In a landmark decision, the U.S. Supreme Court ruled earlier today (June 15, 2020) that Title VII of the Civil Rights Act of 1964 (“Title VII”) protects employees from workplace discrimination on the basis of sexual orientation and transgender status. The ruling brings federal employment law into alignment with the New York State Human Rights Law (“HRL”), which already prohibits discrimination based on sexual orientation and transgender status. Across the country, however, several states’ employment laws did not expressly cover LGBTQ employees; now, the Court’s decision leaves no question that LGBTQ employees will receive the protection of Federal law.
The decision was long-awaited. As discussed in a previous legal alert: on April 22, 2019, the Supreme Court announced that it would review three cases that addressed the scope of “sex discrimination” under Title VII. The Supreme Court took up review of the issue after several Federal courts had reached differing conclusions as to whether Title VII applied to sexual orientation and/or transgender status.
Specifically, the Supreme Court reviewed two cases addressing whether Title VII prohibited discrimination on the basis of sexual orientation (Altitude Express, Inc. v. Zarda, U.S., No. 17-1623 and Bostock v. Clayton County, Georgia, U.S., No. 17-1618), and one case addressing whether Title VII prohibited discrimination on the basis of gender identity (R.G. & G.R. Harris Funeral Homes, Inc., v. EEOC, U.S., No. 18-107). Each of the three cases followed a basic fact pattern: an employer firing a long-time employee shortly after the employee revealed that they were homosexual or transgender. The employees, in turn, alleged that their firing violated the Title VII prohibition on sex discrimination.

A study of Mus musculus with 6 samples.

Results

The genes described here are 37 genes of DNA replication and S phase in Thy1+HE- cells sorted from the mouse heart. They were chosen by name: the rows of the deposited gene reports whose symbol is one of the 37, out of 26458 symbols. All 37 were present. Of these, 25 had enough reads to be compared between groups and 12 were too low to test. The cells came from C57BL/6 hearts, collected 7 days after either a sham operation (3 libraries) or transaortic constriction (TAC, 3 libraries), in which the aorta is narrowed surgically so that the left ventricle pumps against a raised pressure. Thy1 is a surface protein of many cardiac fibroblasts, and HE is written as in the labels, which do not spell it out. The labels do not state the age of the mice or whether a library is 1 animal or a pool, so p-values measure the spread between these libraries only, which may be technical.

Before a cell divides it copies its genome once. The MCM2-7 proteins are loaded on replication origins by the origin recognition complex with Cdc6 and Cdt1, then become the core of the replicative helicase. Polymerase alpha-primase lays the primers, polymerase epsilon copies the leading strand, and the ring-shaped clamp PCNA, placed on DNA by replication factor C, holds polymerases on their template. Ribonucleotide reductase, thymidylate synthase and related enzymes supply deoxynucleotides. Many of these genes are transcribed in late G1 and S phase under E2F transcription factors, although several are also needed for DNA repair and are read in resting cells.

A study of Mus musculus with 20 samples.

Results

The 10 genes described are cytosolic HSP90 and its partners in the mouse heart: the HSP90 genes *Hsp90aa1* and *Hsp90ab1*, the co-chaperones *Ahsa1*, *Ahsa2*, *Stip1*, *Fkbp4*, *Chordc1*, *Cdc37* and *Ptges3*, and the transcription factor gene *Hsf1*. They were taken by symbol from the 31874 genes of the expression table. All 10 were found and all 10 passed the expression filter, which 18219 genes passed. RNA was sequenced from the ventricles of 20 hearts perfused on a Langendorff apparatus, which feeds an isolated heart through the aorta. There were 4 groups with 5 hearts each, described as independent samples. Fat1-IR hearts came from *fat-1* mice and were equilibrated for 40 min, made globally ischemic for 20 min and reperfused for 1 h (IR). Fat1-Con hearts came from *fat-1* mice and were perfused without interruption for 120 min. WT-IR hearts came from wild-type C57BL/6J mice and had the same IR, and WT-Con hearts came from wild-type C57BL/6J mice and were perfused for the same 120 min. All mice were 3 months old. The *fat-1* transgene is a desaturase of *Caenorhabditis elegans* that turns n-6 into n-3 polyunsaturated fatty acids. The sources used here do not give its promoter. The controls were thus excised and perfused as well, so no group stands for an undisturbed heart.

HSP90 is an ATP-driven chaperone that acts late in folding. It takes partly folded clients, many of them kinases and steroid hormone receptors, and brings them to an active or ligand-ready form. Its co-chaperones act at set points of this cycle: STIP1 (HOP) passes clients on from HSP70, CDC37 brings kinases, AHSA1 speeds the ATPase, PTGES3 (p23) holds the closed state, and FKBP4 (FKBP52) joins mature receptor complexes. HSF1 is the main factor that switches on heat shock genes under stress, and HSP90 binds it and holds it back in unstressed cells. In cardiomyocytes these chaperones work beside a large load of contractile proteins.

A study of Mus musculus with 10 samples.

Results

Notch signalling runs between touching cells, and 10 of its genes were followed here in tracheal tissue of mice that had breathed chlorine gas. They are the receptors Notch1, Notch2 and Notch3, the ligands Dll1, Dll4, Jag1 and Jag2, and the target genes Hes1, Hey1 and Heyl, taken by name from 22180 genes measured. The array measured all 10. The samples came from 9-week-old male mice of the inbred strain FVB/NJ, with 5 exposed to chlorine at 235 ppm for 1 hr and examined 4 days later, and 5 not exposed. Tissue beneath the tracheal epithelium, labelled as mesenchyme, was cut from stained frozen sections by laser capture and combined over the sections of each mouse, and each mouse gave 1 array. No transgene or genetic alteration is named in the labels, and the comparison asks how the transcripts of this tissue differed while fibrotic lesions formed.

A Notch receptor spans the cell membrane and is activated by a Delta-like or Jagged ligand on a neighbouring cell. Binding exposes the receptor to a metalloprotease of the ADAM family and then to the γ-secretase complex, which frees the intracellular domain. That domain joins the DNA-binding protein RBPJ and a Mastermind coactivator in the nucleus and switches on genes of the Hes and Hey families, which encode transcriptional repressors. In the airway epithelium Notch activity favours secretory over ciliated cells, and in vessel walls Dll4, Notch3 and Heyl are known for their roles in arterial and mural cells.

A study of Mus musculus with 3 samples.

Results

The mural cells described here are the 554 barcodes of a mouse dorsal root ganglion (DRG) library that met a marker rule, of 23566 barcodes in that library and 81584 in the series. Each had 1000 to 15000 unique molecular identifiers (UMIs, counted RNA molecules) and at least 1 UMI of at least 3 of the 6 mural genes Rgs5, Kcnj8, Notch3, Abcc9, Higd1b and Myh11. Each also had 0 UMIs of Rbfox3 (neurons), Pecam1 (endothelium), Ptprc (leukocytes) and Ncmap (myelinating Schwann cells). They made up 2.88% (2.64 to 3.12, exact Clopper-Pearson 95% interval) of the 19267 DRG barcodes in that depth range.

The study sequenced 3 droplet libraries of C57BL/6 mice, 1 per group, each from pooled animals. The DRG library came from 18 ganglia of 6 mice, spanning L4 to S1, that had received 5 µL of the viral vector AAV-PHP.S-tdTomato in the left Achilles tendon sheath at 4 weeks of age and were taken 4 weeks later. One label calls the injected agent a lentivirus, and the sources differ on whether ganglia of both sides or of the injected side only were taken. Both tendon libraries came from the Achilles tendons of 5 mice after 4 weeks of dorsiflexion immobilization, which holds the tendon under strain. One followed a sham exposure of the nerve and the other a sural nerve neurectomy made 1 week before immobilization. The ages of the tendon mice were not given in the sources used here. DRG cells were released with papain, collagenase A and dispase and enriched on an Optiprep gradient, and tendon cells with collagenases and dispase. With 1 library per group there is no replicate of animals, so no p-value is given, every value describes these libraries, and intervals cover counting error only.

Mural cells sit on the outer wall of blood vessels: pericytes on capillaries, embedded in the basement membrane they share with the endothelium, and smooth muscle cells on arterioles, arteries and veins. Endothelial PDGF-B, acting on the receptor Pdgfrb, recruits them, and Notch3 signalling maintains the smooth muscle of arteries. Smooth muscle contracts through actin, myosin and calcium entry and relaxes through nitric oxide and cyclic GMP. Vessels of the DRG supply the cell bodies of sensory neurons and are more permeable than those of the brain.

In a 6-3 majority decision penned by Justice Neil Gorsuch, the Court ruled that an employer who fires an individual merely for being gay or transgender violates Title VII. As stated in the opinion: “[a]n employer who fires an individual for being homosexual or transgender fires that person for traits or actions it would not have questioned in members of a different sex. Sex plays a necessary and undisguisable role in the decision, exactly what Title VII forbids.”
For employers in New York State, however, the decision should not have much, if any, practical application since New York’s Human Rights Law already covers sexual orientation and transgender status. Employers may take this as an opportunity, however, to review their policies on equal employment and non-harassment to ensure they cover all classes protected by New York law. Employers should also remember their obligation to provide annual sexual harassment prevention training to all employees, an obligation that continues despite the coronavirus pandemic.